This week’s piece is probably his best in a long time. It is entitled The Debt Supercycle and deals with how the U.S. and the rest of the world recovers from the burden of all this debt.
It is a timely one for those of us debating whether this ends in a massive deflation or a massive inflation. I welcome it in particular because I am regularly asked: “What can I do to protect myself and my investments?” Those who have inquired in this or a similar fashion must read Mauldin’s article. He does a reasonable job of describing the interactions of policies and “path-dependencies” of a range of policies that make forecasting so difficult. He describes better than I have the difficulties of forecasting.
I have always stated that the way to forecast how this ended was to forecast what politicians would do in the future. That, in my opinion, is what is in their best interests and not necessarily yours. Voters obviously influence how politicians behave and voter unrest runs very high. Finally, even knowing what politicians are trying to achieve is not enough. Often their methods are mischosen for the tasks they pursue. On top of all of these numerous uncertainties, interaction with global actors must be factored in.
Given the above and other issues raised in the Mauldin piece, forecasting is a fool’s errand. The economics profession is not short of fools, hence there is no shortage of forecasts and opinions, mine included.
To encourage you to read Mauldin’s piece, the following quotes are supplied:
What I think is ending for a significant number of countries in the “developed” world is the Debt Supercycle. The concept of the Debt Supercycle was originally developed by the Bank Credit Analyst. It was Hamilton Bolton, the BCA founder, who used the word supercycle, and he was referring generally to a lot of things, including money velocity, bank liquidity, and interest rates. Tony Boeckh changed the concept to the more simple “Debt Supercycle” back in the early 1970s, as he believed the problem was spiraling private-sector debt. The current editor of the BCA (and Maine fishing buddy) Martin Barnes has greatly expanded on the concept.
Essentially, the Debt Supercycle is the decades-long growth of debt from small and easily-dealt-with levels, to a point where bond markets rebel and the debt has to be restructured or reduced or a program of austerity must be undertaken to bring the debt back to manageable proportions.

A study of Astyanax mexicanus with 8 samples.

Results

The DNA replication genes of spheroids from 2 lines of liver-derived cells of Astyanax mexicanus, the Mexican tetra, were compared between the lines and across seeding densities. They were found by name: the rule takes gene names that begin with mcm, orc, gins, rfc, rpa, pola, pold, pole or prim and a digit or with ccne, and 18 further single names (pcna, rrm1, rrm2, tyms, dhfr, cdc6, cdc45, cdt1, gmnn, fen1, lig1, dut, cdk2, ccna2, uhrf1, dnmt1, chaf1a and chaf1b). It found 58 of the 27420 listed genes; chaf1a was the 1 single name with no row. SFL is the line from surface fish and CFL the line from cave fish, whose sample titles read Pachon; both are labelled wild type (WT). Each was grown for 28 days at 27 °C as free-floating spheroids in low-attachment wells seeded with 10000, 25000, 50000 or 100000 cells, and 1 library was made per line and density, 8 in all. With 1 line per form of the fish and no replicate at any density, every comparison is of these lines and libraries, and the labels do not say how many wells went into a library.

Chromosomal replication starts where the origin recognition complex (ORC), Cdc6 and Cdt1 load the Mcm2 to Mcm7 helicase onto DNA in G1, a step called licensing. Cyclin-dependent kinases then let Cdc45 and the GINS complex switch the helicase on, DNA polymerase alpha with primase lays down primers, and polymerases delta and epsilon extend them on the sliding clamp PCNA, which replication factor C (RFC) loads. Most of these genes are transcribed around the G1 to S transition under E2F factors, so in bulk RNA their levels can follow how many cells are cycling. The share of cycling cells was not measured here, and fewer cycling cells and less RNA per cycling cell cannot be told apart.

While the Debt Supercycle may not yet have ended, I think we can begin to see a clear case that, like the sandwich-board-wearing cartoon prophet warning, “The End is Nigh!” Greece is the harbinger of fundamental change. Spain and Portugal are pointing to the same outcome, as their cost of debt keeps rising. And Ireland? The Baltics?
There is a limit to how much debt you can pile on. But as the work of Reinhart and Rogoff points out (This Time Is Different), there is not a fixed limit or some certain percentage of GNP. Rather, the limit is all about confidence, a theme I have written on many times. Everything goes along well, and then “Boom!” it doesn’t. That “Boom” has happened to Greece. Without massive assistance, Greek debt would be unmarketable. Default would be inevitable. (I still think it is!)
Mauldin wisely does not provide a prediction of how things will end. He does provide the alternatives and a wealth of data and interpretation as well. He is not a pessimist by nature, but I would have to say that he is clearly not an optimist regarding this economic mess:
The end of the Debt Supercycle does not have to mean calamity for each country, depending on how far down the road they are. Yes, if you are Greece your choices are between very, very bad and disastrous. Japan is a bug in search of a windshield. Each country has its own dynamics.
Take the US. We are some ways off from the end. We have time to adjust. But let’s be under no illusions, we cannot run deficits of 10% of GDP forever. At some point the Fed will either have to monetize the debt or the bond market will simply demand an ever-higher interest rate.
I highly recommend that you read the entire post by Mauldin.